Joseph Mimran, seen in September, 2012, believes in buying stocks that you understand. His portfolio includes long REITS, big-cap dividend paying stocks and certain major tech plays. (Angela Weiss/Getty Images for Joe Fresh)

High Net Worth investing

How Joseph Mimran, founder of Club Monaco and Joe Fresh, invests his money Add to ...

Joseph Mimran was a late bloomer to the investment world. As a young man growing up in Toronto, much of his focus was on helping run and build family businesses. His mother was a seamstress, his father worked at a food wholesaler before opening his own food store. Mr. Mimran remembers stocking shelves and delivering groceries. It was the formative years behind his subsequent rise in the retail and fashion world.

Today, Mr. Mimran is best known for launching the Club Monaco and Joe Fresh brands and is a chairman and co-CEO of Gibraltar Growth Corp. which invests in technology-driven retail brands through its Gibraltar Ventures division. His more recent role is as a “dragon” on the TV series Dragons’ Den. The Globe recently spoke with Mr. Mimran about his investment style and why he owns just one retail stock:

When did you start investing?

My parents weren’t investors. They just didn’t have the money. I didn’t have that background. For me, it was about investing in my own business and creating something, as opposed to passive investments. I didn’t invest in the stock market until the Monaco Group went public in 1986. It was after that, in 1987 or 1988, when I started to put some money in the market. I learned very quickly how treacherous the stock market can be.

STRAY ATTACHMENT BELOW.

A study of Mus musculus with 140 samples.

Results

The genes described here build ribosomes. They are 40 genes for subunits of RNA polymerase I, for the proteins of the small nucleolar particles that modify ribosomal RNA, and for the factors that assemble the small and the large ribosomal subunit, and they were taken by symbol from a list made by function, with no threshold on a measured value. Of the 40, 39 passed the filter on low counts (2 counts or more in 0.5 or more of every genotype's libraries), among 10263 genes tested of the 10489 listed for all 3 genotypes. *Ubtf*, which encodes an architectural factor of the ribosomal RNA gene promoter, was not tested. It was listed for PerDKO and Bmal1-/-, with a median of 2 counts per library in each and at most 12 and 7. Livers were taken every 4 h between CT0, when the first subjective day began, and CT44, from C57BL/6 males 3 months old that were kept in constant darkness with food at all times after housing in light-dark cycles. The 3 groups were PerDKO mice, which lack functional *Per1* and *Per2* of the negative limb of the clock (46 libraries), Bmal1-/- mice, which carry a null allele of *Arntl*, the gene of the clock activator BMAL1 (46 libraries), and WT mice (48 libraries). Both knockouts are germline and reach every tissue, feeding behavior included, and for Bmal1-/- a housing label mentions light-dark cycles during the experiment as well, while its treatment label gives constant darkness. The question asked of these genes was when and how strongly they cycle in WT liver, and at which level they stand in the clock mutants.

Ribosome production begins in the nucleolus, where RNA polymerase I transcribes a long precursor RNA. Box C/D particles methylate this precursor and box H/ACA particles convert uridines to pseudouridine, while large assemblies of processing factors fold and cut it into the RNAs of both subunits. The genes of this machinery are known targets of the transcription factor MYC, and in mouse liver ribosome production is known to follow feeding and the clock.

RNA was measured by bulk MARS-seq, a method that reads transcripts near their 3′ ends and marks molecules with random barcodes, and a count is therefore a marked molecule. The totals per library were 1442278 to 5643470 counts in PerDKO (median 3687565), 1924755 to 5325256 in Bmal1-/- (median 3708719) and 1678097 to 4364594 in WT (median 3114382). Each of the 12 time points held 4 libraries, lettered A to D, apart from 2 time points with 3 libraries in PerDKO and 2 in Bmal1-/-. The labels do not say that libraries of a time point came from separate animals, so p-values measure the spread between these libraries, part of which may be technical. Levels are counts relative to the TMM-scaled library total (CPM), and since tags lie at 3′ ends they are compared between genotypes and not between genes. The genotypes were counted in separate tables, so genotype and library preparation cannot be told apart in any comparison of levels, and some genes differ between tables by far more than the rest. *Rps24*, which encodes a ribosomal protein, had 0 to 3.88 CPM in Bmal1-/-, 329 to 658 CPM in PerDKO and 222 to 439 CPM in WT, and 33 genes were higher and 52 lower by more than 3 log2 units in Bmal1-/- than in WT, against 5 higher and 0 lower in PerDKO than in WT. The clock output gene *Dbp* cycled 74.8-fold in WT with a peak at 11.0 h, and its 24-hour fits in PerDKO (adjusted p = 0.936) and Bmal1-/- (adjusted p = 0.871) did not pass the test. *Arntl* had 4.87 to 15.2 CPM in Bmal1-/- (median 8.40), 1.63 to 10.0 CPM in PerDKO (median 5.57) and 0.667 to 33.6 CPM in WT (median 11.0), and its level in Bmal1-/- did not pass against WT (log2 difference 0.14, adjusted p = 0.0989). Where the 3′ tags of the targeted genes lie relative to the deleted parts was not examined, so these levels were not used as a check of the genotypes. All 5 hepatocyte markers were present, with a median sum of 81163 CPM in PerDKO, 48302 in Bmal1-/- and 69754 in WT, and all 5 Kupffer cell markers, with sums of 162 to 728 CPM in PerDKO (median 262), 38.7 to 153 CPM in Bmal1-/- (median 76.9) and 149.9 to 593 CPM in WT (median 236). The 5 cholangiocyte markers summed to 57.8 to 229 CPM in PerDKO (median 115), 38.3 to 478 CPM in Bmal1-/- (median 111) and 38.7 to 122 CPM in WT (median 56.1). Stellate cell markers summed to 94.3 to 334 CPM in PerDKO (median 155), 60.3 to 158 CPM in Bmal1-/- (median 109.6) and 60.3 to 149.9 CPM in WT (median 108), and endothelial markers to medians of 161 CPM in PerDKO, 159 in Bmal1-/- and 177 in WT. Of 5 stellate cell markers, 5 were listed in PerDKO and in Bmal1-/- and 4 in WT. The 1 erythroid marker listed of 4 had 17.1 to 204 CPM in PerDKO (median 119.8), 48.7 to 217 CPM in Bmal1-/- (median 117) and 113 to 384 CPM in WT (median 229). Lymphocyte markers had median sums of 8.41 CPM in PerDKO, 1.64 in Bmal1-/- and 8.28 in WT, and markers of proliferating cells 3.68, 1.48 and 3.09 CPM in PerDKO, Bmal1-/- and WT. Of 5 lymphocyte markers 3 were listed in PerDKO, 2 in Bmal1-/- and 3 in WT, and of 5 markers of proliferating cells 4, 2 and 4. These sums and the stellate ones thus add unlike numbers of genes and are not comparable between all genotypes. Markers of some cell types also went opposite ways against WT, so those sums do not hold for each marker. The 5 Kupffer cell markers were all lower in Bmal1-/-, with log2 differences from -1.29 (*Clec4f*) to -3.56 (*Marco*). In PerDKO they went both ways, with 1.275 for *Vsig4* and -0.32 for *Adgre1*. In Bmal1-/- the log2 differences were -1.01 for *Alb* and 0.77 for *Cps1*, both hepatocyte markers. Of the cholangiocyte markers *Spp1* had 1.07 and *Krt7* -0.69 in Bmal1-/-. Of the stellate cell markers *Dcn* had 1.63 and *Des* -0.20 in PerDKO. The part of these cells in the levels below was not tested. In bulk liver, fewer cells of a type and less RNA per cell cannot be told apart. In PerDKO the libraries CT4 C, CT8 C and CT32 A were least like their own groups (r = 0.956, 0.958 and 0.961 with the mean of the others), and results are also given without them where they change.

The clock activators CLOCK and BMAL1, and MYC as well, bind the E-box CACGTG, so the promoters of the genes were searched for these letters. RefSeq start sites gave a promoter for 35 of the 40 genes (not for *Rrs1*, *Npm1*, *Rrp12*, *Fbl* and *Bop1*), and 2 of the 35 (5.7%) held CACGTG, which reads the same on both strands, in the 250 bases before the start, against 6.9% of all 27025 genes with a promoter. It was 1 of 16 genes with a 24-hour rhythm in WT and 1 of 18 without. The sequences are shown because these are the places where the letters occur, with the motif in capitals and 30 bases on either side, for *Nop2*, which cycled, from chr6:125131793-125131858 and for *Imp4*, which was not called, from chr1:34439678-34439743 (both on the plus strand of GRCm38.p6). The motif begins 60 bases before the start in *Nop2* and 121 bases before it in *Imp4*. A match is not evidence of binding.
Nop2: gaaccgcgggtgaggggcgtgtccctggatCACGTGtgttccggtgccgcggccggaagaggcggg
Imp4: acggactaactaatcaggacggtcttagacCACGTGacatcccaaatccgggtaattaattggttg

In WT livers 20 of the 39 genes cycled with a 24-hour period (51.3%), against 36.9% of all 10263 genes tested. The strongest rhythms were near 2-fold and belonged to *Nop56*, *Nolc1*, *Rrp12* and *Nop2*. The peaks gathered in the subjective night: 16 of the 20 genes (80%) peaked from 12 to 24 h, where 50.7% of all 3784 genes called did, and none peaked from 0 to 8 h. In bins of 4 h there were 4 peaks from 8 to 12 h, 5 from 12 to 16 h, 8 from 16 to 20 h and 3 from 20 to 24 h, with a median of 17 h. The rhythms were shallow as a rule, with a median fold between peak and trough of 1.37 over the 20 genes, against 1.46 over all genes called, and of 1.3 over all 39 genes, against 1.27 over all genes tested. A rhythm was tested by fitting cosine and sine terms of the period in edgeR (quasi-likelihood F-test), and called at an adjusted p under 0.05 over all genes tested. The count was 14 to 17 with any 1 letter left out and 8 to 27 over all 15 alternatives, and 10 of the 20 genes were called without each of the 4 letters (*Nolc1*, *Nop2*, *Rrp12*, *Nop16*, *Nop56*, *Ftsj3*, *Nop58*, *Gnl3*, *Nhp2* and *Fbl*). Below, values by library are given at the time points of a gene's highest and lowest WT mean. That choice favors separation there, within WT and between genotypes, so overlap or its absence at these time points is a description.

What’s in your stock portfolio today?

Right now, I’m long REITS, big-cap dividend paying stocks and certain major tech plays such as Facebook, Apple and Amazon that I believe are the engines of the new economy. I do believe in buying things you understand and believe in. If you can identify the right trends, that’s what you should be investing in. I like individual stocks. It’s much riskier, but I prefer knowing what I’m buying. About half of my portfolio is cash and stocks, 15 per cent in physical real estate and 35 per cent in other businesses.

What about retail stocks, since that’s your business?

I’m a little bit nervous about retail. I’m nervous about bricks and mortar, although 90 per cent of sales are still coming from bricks and mortar. There has been a dislocation of the market. It’s hard to figure out who is going to be the winner and who will be the loser at this stage. Pricing is so competitive. You really have to have a point of differentiation. I’m long Loblaw, which I see as more secure retail, but when it comes to fashion retail I’m much more cautious. Loblaw is the only retail stock I own.

Do you short stocks?

I never short. I’m too optimistic of an individual.

Do you use an adviser?

I invest on my own and I do have some wealth management advice as well. About 20 per cent I do myself and the balance is managed. To invest on your own, you really have to stay on top of the market and be able to react if you need to. I don’t really want to be watching the ticker tape that closely.

How many investments have you made in your role on Dragons’ Den?So far I have only invested in three. It’s not simple. For the most part, it’s picking the right entrepreneur and their ability to move their business forward. You’re not always doing it because of the investment potential. Of course you’re not throwing your money away, I’m not on the show for charity, but by the same token it’s also an experiment to a great extent with many of these smaller investments. That’s how I view them, and to support Canadian entrepreneurship more than anything else.

What has been your best investment to date?

My best investment has been in my own fashion businesses. Stick to your knitting.

What about your worst?

My worst investment was during the tech bubble of 2000. I had a few holdings that I didn’t sell fast enough. Broadcom comes to mind – and it left a lasting impression on me.